A lot of hard work has gone into getting your SugarCRM system up and running.  Now ready for launch, you need to ensure that your employees will use the system effectively. CRM User adoption is one of the most common challenges that companies face.  There is only one chance to get this right, and if you don’t, the project has the potential to fail.

The main cause of project failure is when users are thrown in at the deep end, they see the CRM system with all of its new features and it’s overwhelming. With little configuration and all features enabled, SugarCRM (and many others) could intimidate employees not yet used to working with the tool.  If the option is available, we recommend introducing features and functions to the users gradually as opposed to a “Big Bang” approach.  This allows users to confidently grasp the different way of working and adopt CRM-involved processes on a priority-based, phased roll-out.

The four mottos we support are:

  • Involve users during the design (this gives end users a sense of ‘ownership’ and promotes ‘Sugar Super Users’ who will help spread positive words about the new solution)
  • Keep it simple   (If you have introduced ‘too much’ functionality or not made the processes inside the CRM easy – nobody will want to use it)
  • Invest in training users (Often the training strategy is ill-advised or underfunded)
  • Reward users for use or effectiveness (this can be done with the introduction of gamification)

User adoption can be about affinity.

In order to manage this effectively, end users should be involved in the process from the design phase. Users will no doubt have fear or uncertainty, however by making the unknown become the known, this fear can be limited.   Involve them in the selection process and the system design.  The sense of ownership and being involved in the project will boost the affinity towards the new system.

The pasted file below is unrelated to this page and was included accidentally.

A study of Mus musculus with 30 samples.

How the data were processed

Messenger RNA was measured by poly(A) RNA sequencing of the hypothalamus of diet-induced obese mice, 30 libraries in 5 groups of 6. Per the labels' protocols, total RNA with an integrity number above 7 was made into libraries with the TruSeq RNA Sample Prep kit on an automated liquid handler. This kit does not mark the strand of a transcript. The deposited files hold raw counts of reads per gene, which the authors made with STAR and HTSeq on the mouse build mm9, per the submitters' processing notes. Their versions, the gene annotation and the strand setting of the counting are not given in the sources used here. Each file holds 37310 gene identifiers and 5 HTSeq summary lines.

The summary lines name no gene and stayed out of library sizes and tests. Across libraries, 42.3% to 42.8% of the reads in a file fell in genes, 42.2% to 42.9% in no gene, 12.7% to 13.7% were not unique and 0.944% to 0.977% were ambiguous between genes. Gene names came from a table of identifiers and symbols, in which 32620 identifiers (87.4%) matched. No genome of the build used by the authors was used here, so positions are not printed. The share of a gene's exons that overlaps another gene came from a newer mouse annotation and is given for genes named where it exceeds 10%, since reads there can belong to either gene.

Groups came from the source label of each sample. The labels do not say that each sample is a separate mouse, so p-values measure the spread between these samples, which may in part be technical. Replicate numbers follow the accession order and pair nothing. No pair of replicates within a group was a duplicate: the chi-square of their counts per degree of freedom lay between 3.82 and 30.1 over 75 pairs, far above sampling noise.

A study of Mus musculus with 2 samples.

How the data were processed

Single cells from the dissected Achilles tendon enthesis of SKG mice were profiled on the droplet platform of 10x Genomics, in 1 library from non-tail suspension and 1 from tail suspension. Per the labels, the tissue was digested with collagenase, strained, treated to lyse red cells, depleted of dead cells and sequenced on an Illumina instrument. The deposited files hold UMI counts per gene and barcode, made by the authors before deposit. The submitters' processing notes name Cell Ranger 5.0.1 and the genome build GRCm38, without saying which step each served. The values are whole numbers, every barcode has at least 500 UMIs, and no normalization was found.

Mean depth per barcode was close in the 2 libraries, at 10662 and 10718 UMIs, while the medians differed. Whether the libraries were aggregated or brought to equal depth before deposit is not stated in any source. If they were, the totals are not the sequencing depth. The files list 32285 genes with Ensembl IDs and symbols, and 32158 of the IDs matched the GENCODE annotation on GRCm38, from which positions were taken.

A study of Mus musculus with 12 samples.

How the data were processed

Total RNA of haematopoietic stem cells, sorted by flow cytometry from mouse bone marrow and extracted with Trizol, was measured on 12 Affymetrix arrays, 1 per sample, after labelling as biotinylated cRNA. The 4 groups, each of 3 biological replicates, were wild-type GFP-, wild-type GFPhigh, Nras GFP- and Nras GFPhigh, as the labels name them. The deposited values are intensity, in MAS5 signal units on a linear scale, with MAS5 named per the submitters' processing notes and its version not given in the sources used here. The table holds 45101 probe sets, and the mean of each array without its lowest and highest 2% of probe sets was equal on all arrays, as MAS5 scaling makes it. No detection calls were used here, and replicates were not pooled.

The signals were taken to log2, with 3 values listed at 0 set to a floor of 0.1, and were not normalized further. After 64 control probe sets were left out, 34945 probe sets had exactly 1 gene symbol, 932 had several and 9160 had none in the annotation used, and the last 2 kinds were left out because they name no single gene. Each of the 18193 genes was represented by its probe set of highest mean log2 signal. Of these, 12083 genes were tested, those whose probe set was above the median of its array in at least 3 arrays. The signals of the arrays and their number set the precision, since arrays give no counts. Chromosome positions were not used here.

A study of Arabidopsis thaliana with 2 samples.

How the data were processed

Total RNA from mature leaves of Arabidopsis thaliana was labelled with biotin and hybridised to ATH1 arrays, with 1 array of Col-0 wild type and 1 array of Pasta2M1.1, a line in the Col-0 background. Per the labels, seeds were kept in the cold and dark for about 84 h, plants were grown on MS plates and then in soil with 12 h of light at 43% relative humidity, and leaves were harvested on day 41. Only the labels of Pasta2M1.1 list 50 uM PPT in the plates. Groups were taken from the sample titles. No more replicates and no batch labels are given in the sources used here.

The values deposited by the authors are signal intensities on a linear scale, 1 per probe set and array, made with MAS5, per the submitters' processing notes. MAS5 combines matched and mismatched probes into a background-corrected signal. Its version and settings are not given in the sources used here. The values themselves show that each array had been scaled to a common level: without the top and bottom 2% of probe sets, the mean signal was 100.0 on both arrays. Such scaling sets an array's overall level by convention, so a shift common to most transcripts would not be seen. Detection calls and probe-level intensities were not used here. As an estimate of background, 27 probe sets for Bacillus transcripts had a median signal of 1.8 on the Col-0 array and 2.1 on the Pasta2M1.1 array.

When demonstrating the proposed system, ask end-users for feedback and where appropriate implement their suggestions. This can reduce any uncertainty, clarify misunderstandings and promote support where needed. During the design phase, have regular ‘drop-in’ sessions available for employees to voice concerns, request features and review the design.

 From a training perspective

We can all expect users not to absorb everything they need to know in a single training day.  To boost knowledge throughout the first sensitive weeks and months, you could consider holding regular webinars where key training topics are demonstrated and a healthy amount of time is spent on Q&A.

Gamification has had good feedback from our customers.

Our main priority with all of our customers is to make sure that system users REALLY gain value in using Sugar.  There are a number of short-term benefits and longer term ones too that we aim to deliver.  Gamification, however, is a great way of incentivising CRM system usage.  Gamification for us always has a lower priority than pure ‘individual and business value’, but for customers who really want to make sure they check every box in the “Maximum CRM User Adoption Checklist” – this is effective.  Dependant on your organisation, you may want to consider prizes or rewards for CRM users hitting certain benchmarks for data accuracy or completeness.  Or simply the number of sales calls logged.  Gamification can add a level of ‘fun’ to the daily activities by having dashlets built into Sugar detailing who is winning.  We have a couple of customers who display a leaderboard screen in the office – with great feedback too.

Above all else, if you consider the two biggest factors:  Sufficient Training & Ease of Use, you will have a great chance at a highly adopted project.

If you are already a SugarCRM user and would like to learn more about our training refresher courses, email [email protected]

James is the managing director of Sugabyte. He's been implementing SugarCRM for the past 7 years and had gained a wealth of experience having held roles in solution design, system configuration, training and support.